Thieves in the Night
Credits: Larry Hama (writer), Steve Harris (penciler), Scott Hanna (inker), Comicraft (letters), Marie Javins & Michael Higgins (colors)
Summary: Gen X goes into town for dinner, as Penance stays behind with the St. Croix twins. In town, the students are harassed by two teenagers, Weasel and Dorian. Local police chief Authier breaks up the confrontation. Simultaneously, two young thieves named Tracy and Aemon raid the school. Penance scares them away, but they escape with their loot. Later, the team tracks down Aemon, who is grifting with Weasel and Dorian. They fight with Jubilee and Skin, and Authier arrests the thugs after they speed away. Authier returns home to his family, unaware his daughter Tracy is involved with the ring. Meanwhile, Banshee and Moira examine the Legacy Virus, while Chimera and Dirtnap pay Emplate a visit.
I Love the ‘90s: Actual dialogue, spoken by Skin: “Hey, I downloaded a good joke from the ‘net this morning”. Later on, Synch complains about the film adaptation of Starship Troopers. The two burglars are also wearing Bill and Hilary Clinton masks. This leads to a few Whitewater and Paula Jones references (no one knew about Monica yet).
Review: Here’s something the internet really, really liked -- Larry Hama’s run on Generation X. I can remember these issues becoming a shorthand reference for terrible comics, although I think they’ve been wiped out of the consciousness by the new millennium’s collective output of J. Michael Straczynski and Chuck Austen. Hama’s not an obvious choice for this book, but he’s a loyal creator and I can understand why the X-office would want to keep him around after his arbitrary removal from Wolverine (plus, he always liked writing cast member Jubilee). Some parts of this issue don’t feel like Hama, while others are clearly his contribution.
Hama’s always maintained that he doesn’t write narrative captions or thought balloons in his scripts, so I’m assuming all of the superfluous captions and thought balloons here were added by editorial. Hama does have a tendency to ground most of his work in reality, which is evidenced by a few scenes. Banshee and Moira’s conversation about the Legacy Virus connects it to Mad Cow Disease, and drops terms like “Spongiform Encephalopathy” and “Creutzfeldt-Jakob Disease.” Police Chief Authier doesn’t just give a generic speech against intolerance, he specifically names his Huguenot and Ojibway heritage and his wife’s Jewish and Armenian background. The team doesn’t encounter supervillains or mutant-hunting robots, they face the local punks who robbed their school while they went out to eat. Excessive “grounding” in a superhero book can get old fast, but it works here. The Snow Valley location has essentially been ignored since the book began, and I think the series is better off if the stars aren’t existing in their own little bubble away from the rest of the world. Robbing the cast of their possessions, and then hinting about the significance of some of the items (like Husk’s Calculus textbook and a cigar box owned by Skin), is also a good starting place for a story.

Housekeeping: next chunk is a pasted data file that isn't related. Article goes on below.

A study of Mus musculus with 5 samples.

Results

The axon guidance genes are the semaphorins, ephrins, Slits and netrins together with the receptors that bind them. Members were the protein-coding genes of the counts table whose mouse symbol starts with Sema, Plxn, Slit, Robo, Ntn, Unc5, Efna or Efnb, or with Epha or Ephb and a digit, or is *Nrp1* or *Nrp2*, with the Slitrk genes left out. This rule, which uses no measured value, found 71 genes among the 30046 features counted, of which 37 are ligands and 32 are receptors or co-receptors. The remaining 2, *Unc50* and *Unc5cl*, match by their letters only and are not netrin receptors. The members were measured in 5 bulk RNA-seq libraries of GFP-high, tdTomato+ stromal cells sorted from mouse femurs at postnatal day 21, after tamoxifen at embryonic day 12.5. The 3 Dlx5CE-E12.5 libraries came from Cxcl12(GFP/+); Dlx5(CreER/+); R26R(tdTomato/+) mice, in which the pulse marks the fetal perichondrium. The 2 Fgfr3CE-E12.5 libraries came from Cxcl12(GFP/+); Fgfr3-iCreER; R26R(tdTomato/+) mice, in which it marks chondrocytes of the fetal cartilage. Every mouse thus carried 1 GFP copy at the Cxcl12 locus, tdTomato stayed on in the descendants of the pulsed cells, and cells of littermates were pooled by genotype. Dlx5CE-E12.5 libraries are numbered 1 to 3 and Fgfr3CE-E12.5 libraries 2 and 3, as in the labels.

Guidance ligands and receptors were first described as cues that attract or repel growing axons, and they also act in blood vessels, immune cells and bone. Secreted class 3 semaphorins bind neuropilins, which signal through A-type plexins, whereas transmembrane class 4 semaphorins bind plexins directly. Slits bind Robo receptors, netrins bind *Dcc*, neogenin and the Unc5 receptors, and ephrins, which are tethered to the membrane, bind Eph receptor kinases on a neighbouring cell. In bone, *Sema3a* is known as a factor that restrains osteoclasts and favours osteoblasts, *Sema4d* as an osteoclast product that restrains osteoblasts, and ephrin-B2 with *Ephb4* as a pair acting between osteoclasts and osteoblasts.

My major problem with Hama’s writing in this specific issue is the dialogue he gives to the teenage characters. Rather than writing them as characters first and teenagers second, which seemed to be Lobdell’s tactic, Hama is constantly writing awkward slang that makes the characters “teenagers” in the way Stan Lee’s original X-Men were.
Credits: Larry Hama (writer), Steve Harris (penciler), Scott Hanna (inker), Comicraft (letters), Marie Javins (colors)
Summary: Banshee returns to the school and is promptly decked by Emma in retaliation for his earlier punch. Gen X retrieves their possessions from Aemon, although Jubilee, Skin, and Husk are still missing items. Tracy calls the school and arranges a meeting. She soon returns the items in exchange for a favor. Meanwhile, Emplate invades the school with Chimera and her Plasma Wraiths. The St. Croix twins merge back into M, who then grabs Emplate and disappears in a flash of light. M and Emplate emerge as one being.
Continuity Notes: Skin reveals he faked his own death after his girlfriend Tores duped him into riding along on a drive-by shooting. Whether or not he actually participated in the shooting (which killed two rival gang members) is unclear.
Review: Did people immediately hate Hama’s run, or did it take a while? Aside from the forced teen-speak (“This is way uncool!”), I don’t have a major problem with his work so far. The majority of this issue is dedicated to Jubilee, Skin, and Husk retrieving their possessions from Tracy. It’s reminiscent of one of Lobdell’s low-key issues, only now the characters are interacting with someone from outside of the school. Jubilee explains to Tracy the significance of her cowboy hat, which was given to her by Wolverine (she then goes on for several pages explaining why Wolverine is so great, which amuses me). Skin reveals the pistol inside his cigar box is a reminder of the gang life he left behind. Husk’s Calculus textbook hides her diary, which reveals her feelings for Chamber. It also divulges the school’s secret and offers details on their previous adventures, but Tracy just assumes Husk has an active imagination.
Despite the deceitful cover, and the…unusual ending, the issue is really about these character moments, and I think that’s consistent with what Generation X has been about since the beginning. My major complaint is Steve Harris’ art, which is just as bland here as it was in the previous issue. I won’t say he’s terrible, but his action scenes are totally limp and his overall style is forgettable. Following Chris Bachalo, this title needs someone with a distinctive, expressionistic style. This used to be one of Marvel’s best-looking titles, but now it seems as if the editor is just finding random freelancers for fill-ins.